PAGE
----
Review: Turtle Beach XP Seven headset

 Review: Turtle Beach XP Seven headset

Turtle Beach is a company we PC builders are all familiar with. The best competition Creative ever had in the sound card space, Turtle Beach has been making quality computer audio parts since the mid-90’s. But with the advent of integrated audio on motherboards now rivaling sound card quality, the audio company needed a new market.

Recently, Turtle Beach’s venture into the lucrative market of gaming headsets has worked wonders for them. But is the new XP Seven series headset worth the investment? Yes and no.


Upon opening the surprisingly large package, you’re greeted with a plethora of cables and plastic bits. Setting up the device for use on a PlayStation 3 was tricky, with the documentation not as clear as I would’ve liked. Once set up, and the device selected within the PS3’s software, the cans were ready to rock; though they didn’t rock as much as I was hoping.

The sound quality is very good in stereo mode. Electronic music has that nice crispness to it that you’d expect. Hearing George’s guitar in “While My Guitar Gently Weeps” sounded about as close to perfect as that recording could get. Even using the headphones with my amplifier and playing guitar, these cans kept up with a surprisingly decent high and middle end to them. However, when the headphones are connected to the box that enables surround sound, things start to falter. Putting in a 5.1 mix of the Beastie Boys’ “Hot Sauce Committee Pt. 2,” the headphones failed to replicate certain signals that I know existed in the stereo mix. Listening to the same 5.1 mix on my loudspeakers, I was able to hear the missing elements. The same went for the 5.1 mix on Saving Private Ryan. Expecting to hear bullets whizz past my face during the opening scene, I was disappointed to hear a lack of volley and death surrounding my head.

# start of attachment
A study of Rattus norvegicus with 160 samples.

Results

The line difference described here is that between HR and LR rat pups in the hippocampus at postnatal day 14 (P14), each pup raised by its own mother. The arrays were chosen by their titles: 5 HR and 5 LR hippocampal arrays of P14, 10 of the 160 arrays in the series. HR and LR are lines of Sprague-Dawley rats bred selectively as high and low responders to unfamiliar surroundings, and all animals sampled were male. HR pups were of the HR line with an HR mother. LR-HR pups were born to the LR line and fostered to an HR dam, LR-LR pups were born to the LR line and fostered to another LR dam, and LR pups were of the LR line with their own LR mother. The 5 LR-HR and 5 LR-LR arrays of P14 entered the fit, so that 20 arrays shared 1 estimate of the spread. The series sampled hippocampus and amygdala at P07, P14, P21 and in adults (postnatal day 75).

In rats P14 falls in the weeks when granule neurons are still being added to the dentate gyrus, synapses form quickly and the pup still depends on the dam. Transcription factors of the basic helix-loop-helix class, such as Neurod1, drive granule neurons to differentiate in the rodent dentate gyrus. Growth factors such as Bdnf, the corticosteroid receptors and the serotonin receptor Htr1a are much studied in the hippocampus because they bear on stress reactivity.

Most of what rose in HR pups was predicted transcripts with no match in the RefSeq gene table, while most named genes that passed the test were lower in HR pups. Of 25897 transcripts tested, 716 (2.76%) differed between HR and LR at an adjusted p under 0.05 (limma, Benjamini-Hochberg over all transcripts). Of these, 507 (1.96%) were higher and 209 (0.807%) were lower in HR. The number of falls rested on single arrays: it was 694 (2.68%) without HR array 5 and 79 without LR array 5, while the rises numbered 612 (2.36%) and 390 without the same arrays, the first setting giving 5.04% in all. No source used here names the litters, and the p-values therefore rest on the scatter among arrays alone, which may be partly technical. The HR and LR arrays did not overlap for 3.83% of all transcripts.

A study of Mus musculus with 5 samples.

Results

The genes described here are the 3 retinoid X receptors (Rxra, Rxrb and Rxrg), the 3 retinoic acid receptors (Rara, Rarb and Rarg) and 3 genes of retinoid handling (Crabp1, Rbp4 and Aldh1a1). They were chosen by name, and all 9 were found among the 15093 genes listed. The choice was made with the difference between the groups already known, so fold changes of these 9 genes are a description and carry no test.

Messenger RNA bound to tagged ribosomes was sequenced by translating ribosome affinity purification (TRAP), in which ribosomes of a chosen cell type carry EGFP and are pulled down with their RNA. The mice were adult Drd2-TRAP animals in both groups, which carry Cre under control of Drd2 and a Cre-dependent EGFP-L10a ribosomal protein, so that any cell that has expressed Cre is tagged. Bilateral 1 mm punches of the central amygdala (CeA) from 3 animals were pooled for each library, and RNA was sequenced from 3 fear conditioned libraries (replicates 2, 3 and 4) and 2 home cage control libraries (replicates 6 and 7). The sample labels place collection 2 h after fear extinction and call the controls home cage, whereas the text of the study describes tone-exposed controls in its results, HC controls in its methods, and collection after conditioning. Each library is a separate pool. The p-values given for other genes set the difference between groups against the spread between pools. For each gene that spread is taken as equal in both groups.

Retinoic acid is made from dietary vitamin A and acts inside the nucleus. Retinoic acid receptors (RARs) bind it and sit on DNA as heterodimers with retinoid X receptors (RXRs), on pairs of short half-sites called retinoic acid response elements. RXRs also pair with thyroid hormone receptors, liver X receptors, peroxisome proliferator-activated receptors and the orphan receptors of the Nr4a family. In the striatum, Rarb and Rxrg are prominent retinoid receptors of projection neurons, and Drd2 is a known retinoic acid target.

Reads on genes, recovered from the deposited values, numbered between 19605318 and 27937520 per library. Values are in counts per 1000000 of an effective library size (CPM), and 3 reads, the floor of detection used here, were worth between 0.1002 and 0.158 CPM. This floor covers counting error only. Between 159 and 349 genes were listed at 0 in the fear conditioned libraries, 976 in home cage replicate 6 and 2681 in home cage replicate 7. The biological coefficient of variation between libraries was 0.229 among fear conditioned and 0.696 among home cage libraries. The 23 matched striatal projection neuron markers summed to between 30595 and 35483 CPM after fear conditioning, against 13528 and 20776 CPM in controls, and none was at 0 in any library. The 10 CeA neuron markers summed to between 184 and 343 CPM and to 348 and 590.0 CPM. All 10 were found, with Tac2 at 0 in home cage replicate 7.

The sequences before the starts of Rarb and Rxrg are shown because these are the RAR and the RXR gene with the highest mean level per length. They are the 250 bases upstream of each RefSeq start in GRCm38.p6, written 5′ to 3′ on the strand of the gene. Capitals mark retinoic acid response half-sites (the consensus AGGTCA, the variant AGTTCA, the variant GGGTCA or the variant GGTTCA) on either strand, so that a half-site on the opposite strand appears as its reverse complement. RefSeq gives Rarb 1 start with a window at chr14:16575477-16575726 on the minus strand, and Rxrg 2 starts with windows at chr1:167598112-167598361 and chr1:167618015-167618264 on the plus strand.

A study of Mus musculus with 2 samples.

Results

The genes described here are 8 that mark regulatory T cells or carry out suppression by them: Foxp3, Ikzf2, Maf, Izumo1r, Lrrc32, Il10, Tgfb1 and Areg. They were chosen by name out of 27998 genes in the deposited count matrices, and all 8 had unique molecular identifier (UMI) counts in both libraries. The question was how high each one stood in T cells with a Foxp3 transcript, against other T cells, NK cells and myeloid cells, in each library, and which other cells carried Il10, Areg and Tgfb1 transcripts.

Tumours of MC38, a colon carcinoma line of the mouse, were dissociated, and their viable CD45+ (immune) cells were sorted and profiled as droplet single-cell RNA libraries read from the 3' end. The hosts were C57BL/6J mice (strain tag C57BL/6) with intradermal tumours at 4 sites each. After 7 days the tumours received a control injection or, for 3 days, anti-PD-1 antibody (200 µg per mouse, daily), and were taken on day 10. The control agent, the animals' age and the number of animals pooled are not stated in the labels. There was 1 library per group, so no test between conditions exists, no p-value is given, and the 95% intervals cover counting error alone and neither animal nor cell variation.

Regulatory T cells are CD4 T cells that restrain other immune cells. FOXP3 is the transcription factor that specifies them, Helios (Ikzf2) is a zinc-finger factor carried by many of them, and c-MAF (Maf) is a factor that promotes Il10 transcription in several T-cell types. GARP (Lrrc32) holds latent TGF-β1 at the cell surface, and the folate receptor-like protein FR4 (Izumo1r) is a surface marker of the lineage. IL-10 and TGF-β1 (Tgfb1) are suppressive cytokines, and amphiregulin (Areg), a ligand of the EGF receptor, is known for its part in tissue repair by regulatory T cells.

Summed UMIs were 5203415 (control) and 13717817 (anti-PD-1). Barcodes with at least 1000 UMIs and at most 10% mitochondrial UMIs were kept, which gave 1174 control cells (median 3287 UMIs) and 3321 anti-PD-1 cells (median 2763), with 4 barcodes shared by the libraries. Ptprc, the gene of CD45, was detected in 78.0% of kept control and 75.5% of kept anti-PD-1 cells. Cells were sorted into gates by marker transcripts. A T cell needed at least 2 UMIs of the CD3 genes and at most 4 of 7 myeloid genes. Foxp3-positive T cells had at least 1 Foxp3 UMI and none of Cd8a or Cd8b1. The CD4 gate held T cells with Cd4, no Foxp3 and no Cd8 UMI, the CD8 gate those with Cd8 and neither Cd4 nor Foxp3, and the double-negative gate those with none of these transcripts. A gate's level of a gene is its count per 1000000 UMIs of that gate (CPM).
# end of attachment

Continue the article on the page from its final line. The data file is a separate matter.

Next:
In games, though, the surround sound was a revelation. I didn’t realize that you could hear Snake breathe in Metal Gear Solid 4 after he ran around a bit. The volley and bullets that were missing in Private Ryan were ever present in MGS4. The crunch of the snow was crisp and clear as day, adding so much to a game that was already immersive as-is.


The headphones sit nice and tightly on the head, though if you wear glasses like I do, expect some fatigue after an hour or so of use. I feel like if the set fit looser, though, it’d ruin the seal and diminish audio quality and allow for background noise to interfere. It’s a trade-off, and I’d rather have a great seal and a fifteen minute break, than total comfort and my loud neighbors’ vacuum running.

For $250, though, I feel like this set should be wireless. As it is, it’s great for a dorm room set-up or if you’re in a competitive games tournament where your screen and console are near you. But for folks wanting to integrate this system into their living room, it doesn’t cut it. The sheer amount of cables involved in setting up the surround sound, coupled with their moderate reach, just won’t work stretching to the couch.

They’re pricey, they have a lot of cables, and they’re not the best if you’re indulging in a lot of music or movies. But if you’re willing to look past that, or those aren’t factors in your situation, the XP Seven is a great choice for games.